A state law targeting Mexican American Studies courses has been upheld by a federal judge.

In his ruling, U.S. Circuit Judge A. Wallace Tashima said federal courts respect the state's authority to regulate public school education, but noted that there may be a misunderstanding of the purpose and value of ethnic studies courses.

Supporters of the Tucson Unified School District's now-closed Mexican American Studies program, who sued challenging the law, will decide within the next few days whether to seek reconsideration of the decision or file an appeal to the U.S. 9th Circuit Court of Appeals.

"The effort to invalidate (the law) will continue," a news release from the organization Save Ethnic Studies said. "Too much is at stake."

Even with Tashima's ruling, TUSD is working on developing culturally relevant courses that focus on the history, experiences and culture of black and Latino communities to be offered next school year, as ordered under the district's decades-long federal desegregation case.

The judge in the desegregation case stipulated the state does have the option of scrutinizing the new courses under the existing law, known as HB 2281.

The law prohibits Arizona school districts and charter schools from including in their programs of instruction classes that promote the overthrow of the U.S. government; promote resentment toward a race or class of people; advocate ethnic solidarity instead of the treatment of pupils as individuals; and are designed primarily for pupils of a particular ethnic group.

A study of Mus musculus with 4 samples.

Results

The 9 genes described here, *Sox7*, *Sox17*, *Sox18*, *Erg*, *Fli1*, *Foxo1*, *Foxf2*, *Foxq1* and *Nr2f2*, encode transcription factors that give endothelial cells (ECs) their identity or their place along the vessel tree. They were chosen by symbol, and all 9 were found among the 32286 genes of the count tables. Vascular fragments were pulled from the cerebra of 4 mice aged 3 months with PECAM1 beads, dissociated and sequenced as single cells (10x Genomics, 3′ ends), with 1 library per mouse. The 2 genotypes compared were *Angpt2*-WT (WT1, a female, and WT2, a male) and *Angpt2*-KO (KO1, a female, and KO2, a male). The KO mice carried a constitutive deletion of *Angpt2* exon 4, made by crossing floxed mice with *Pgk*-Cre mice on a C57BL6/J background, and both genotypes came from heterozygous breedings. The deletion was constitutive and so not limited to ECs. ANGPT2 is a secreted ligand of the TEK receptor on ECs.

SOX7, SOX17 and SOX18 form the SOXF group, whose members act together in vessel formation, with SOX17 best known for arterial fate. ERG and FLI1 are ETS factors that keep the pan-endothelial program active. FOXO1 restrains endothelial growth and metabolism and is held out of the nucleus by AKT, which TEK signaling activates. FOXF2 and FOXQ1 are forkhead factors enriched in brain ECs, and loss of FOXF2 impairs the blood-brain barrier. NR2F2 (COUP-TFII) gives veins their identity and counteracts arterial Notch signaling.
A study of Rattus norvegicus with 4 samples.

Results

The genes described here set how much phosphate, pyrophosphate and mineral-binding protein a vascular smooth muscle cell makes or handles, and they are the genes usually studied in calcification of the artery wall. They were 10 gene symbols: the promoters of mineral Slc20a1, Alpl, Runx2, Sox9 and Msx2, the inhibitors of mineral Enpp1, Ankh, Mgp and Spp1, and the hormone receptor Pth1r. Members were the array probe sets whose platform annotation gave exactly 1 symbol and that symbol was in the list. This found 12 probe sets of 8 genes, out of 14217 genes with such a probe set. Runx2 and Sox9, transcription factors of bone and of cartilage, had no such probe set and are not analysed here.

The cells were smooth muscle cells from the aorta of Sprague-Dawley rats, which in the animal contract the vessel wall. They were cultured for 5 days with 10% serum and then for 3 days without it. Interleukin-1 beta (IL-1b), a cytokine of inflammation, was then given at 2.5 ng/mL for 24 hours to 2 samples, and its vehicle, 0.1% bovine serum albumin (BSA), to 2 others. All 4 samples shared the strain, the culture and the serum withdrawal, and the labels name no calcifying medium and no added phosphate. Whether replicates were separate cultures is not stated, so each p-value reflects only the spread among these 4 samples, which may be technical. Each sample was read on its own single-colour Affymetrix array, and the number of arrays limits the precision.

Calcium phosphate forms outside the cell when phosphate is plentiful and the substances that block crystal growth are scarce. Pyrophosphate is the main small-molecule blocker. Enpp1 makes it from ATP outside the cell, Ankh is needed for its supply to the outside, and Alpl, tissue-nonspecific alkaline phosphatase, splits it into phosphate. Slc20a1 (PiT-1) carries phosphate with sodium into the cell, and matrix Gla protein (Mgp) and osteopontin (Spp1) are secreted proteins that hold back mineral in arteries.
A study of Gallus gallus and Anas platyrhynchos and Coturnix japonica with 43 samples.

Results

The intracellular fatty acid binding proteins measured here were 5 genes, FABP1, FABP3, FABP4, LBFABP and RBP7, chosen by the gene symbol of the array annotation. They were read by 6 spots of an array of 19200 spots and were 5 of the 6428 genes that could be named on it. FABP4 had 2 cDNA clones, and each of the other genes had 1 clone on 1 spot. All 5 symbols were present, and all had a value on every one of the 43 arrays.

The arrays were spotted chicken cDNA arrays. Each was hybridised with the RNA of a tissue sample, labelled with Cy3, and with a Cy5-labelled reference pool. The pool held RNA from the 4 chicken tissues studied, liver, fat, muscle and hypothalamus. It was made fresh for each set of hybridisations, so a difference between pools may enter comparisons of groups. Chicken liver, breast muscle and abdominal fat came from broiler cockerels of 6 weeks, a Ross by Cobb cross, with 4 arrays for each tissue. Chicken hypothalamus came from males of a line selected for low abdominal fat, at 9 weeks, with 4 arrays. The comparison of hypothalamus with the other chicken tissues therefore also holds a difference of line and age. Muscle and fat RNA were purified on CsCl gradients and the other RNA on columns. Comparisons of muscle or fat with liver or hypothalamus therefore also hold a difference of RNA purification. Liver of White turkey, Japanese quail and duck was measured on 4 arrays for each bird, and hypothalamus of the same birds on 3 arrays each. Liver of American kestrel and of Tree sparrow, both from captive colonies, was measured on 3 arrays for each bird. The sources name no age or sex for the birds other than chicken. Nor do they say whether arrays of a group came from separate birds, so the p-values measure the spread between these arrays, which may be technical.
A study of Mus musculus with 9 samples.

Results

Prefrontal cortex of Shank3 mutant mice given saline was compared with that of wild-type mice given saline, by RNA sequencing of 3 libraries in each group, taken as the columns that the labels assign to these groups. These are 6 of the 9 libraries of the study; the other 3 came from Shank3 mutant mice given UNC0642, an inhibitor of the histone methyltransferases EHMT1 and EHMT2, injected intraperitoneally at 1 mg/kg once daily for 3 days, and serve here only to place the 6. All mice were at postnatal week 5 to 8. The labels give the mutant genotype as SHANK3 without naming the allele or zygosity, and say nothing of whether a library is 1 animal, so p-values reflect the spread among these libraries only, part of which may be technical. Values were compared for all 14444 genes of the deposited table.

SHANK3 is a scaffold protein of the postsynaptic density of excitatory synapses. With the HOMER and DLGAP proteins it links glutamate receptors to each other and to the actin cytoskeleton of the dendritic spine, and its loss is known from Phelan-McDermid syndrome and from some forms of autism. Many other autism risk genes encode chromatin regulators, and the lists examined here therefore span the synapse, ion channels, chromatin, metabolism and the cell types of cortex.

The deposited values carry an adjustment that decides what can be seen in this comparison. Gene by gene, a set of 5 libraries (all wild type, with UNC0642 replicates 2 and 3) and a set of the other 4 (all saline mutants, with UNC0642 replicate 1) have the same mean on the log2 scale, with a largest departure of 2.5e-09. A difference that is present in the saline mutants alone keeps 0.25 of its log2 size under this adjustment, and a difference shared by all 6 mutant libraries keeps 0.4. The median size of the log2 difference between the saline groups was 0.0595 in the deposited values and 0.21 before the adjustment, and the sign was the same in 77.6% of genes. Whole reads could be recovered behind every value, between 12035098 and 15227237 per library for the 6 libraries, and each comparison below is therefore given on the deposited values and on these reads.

Tashima did find one provision of the statute unconstitutional - the one that bars classes designed for pupils of a particular group.

Arizona Attorney General Tom Horne, who led the battle against the courses as state superintendent of public instruction, said the ruling is "a victory for ensuring that public education is not held captive to radical, political elements and that students treat each other as individuals - not on the basis of the race they were born into."

The superintendent of public instruction is charged with identifying violations of the law, as Horne did for the Tucson Unified School District in 2010.

That was followed by a second finding of violation by Horne's successor, John Huppenthal in 2011, saying the TUSD program violated all of the criteria with the exception of promoting the overthrow of the U.S. government.

TUSD appealed, but lost, so in 2012, the Governing Board eliminated the courses under a threat of losing millions in state funding.

The federal court challenge was brought by 10 TUSD Mexican American Studies teachers and the director of the program, along with two TUSD students who claimed the law was overly broad, vague and violated their rights to free speech and equal protection.

The judge determined that the statute does not proscribe the rights of students to speak freely in the classroom, but is directed at school curriculum.

The court acknowledged the statute restricts the students' right to receive information by limiting the scope of curricular material, but determined that the restriction is not unconstitutional.

Tashima wrote of Horne's actions, "This single-minded focus on terminating the MAS program is at least suggestive of discriminatory intent."

But he said, "Although some aspects of the record may be viewed to spark suspicion the Latino population has been improperly targeted, on the whole, the evidence indicates the state targeted the MAS program, not Latino students, teachers, or community members who supported or participated in the program."